Each night, former MLB manager and current DodgerTalk co-host Kevin Kennedy has a segment on his radio show in which he identifies three or four moments during the just-concluded game that were momentum changers. I have to admit that when Kennedy, who also managed in the Dodgers minor league system, first added this segment to his show, I thought that it was kind of corny – but the more I listened, the more I realized that he was right.
A momentum changer can be anything from a great defensive play that saves a run to a clutch hit (or at bat) that extends an inning, or anything else that has a direct impact on the outcome of the game. Kennedy points out that momentum changers can occur at any time during the game but adds that there is usually one in the beginning, middle and towards the end of every game.
One thing that I have noticed about Kennedy’s and co-host David Vassegh’s DodgerTalk show is that they do not take many calls during their broadcasts. Now whether this is by design or simply because they do not receive as many calls as did their predecessors Josh Suchon and Ken Levine (and later Joe Block) did is uncertain, but I suspect that potential callers may feel a little more intimidated about calling in because of Kennedy’s tremendous baseball knowledge and experience. Now this is certainly not to say that Suchon, Levine or Block were lacking in baseball knowledge, not at all; but Kennedy clearly has more actual baseball experience than they do. Whatever the reason for the fewer number of calls, those that do call in to Kennedy’s and Vassegh’s show seem to have a better knowledge of the game than those on previous DodgerTalk shows. Regardless, the addition of Kennedy’s momentum changers segment has added a refreshing and entertaining new angle to the show and his nightly assessments are usually spot-on.
Because the Dodgers lost on Tuesday night (which upset me to no end), I did not listen to DodgerTalk on my drive home from the stadium as I normally do. As such, I have no idea what Kennedy’s momentum changers were, but I suspect that one of them was Matt Kemp’s incredible lead-off at bat in the bottom of the 9th inning. During the at bat, Kemp worked Brewers fireball-throwing closer John Axford to a 3-2 count and then fouled off three pitches. On the ninth pitch of the at bat, Kemp laced a double into the gap in right/center and the momentum had clearly swung in the Dodgers’ direction in a 2-1 ballgame. Moments later, Andre Ethier was hit by an Axford fastball (ouch) to put the potential game winning run on first base. In spite of a history of bad blood between these two teams, I have a hard time believing that Axford hit Ethier intentionally but was simply trying to stay off the middle of the plate and came inside too much; although I suspect that Ethier may not see it this way… or tonight’s starter Clayton Kershaw – but that remains to be seen (my pick would be Braun or Aramis Ramirez – if you get my drift).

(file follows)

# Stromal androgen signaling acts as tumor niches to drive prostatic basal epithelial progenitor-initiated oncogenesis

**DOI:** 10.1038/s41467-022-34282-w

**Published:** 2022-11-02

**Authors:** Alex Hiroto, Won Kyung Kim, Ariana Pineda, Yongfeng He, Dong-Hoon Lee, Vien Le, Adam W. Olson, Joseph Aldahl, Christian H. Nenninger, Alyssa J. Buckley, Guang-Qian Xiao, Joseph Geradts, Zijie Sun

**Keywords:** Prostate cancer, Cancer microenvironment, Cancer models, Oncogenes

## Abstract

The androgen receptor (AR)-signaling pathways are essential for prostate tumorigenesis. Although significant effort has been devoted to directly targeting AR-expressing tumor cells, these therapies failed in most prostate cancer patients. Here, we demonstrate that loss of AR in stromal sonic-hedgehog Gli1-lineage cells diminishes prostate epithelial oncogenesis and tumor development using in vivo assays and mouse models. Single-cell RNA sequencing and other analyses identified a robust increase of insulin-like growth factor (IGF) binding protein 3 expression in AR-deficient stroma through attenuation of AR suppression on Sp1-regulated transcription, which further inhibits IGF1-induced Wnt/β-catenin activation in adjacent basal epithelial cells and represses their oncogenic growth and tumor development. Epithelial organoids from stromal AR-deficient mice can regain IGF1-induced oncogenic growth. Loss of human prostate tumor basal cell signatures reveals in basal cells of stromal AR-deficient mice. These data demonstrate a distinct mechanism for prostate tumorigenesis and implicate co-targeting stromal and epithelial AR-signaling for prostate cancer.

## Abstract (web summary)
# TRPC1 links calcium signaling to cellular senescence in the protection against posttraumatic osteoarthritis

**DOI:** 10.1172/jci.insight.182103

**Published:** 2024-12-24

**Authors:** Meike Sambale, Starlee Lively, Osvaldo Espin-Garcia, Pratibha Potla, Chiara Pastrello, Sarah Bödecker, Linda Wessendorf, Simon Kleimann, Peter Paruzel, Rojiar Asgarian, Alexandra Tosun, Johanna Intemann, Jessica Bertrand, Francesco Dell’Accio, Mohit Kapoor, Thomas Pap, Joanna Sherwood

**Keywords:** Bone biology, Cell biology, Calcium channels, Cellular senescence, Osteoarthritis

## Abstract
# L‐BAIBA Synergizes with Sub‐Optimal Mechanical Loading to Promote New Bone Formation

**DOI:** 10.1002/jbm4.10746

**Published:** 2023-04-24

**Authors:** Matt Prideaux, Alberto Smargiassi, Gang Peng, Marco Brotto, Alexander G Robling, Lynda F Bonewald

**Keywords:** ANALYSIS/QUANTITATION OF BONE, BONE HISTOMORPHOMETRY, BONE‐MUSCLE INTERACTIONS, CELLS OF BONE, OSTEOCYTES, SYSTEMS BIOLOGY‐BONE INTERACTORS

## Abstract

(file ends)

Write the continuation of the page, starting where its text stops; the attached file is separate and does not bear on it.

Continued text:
But hands down the most significant momentum changer of the night was actually a non-moment – it was Jerry Hairston’s inability to lay down a sacrifice bunt in the bottom of the 9th with no outs and runners on first and second. Everybody in the stadium (or the world, for that matter) knew that Hairston was going to bunt, especially pitcher John Axford. Why Hairston did not square to bunt while Axford was in his stretch will always remain a mystery to me. Trying to hide a bunt attempt until the last second in an obvious bunt situation against a guy who throws a 100 MPH fastball is (was), well, …stupid. In both of Hairston’s bunt attempts he was not square to the pitcher and his bat was not out in front of his body, and he fouled off both pitches, thus taking away the bunt possibility. Hairston then grounded into a 4-3 double play and essentially eliminated any possibility for a tie, let alone a win. Loney followed with a chopper to short which undoubtedly would have scored Matt Kemp from third base but ended up being the final out of the inning and the game.
To be fair, I have to give Jerry Hairston a pass on his momentum-changing inability to get the sac bunt down on Tuesday night as he has been directly responsible for several wins (momentum changers) in the past three or four weeks with his stellar defense and impressive offense, including his 5 for 5 day this past Sunday. That being said, I hope that Dodger first base coach Davey Lopes and former Dodger great (and bunting extraordinaire) Maury Wills spend a little time working with Jerry Hairston on his bunting skills so that the next momentum changer falls in the Dodgers direction.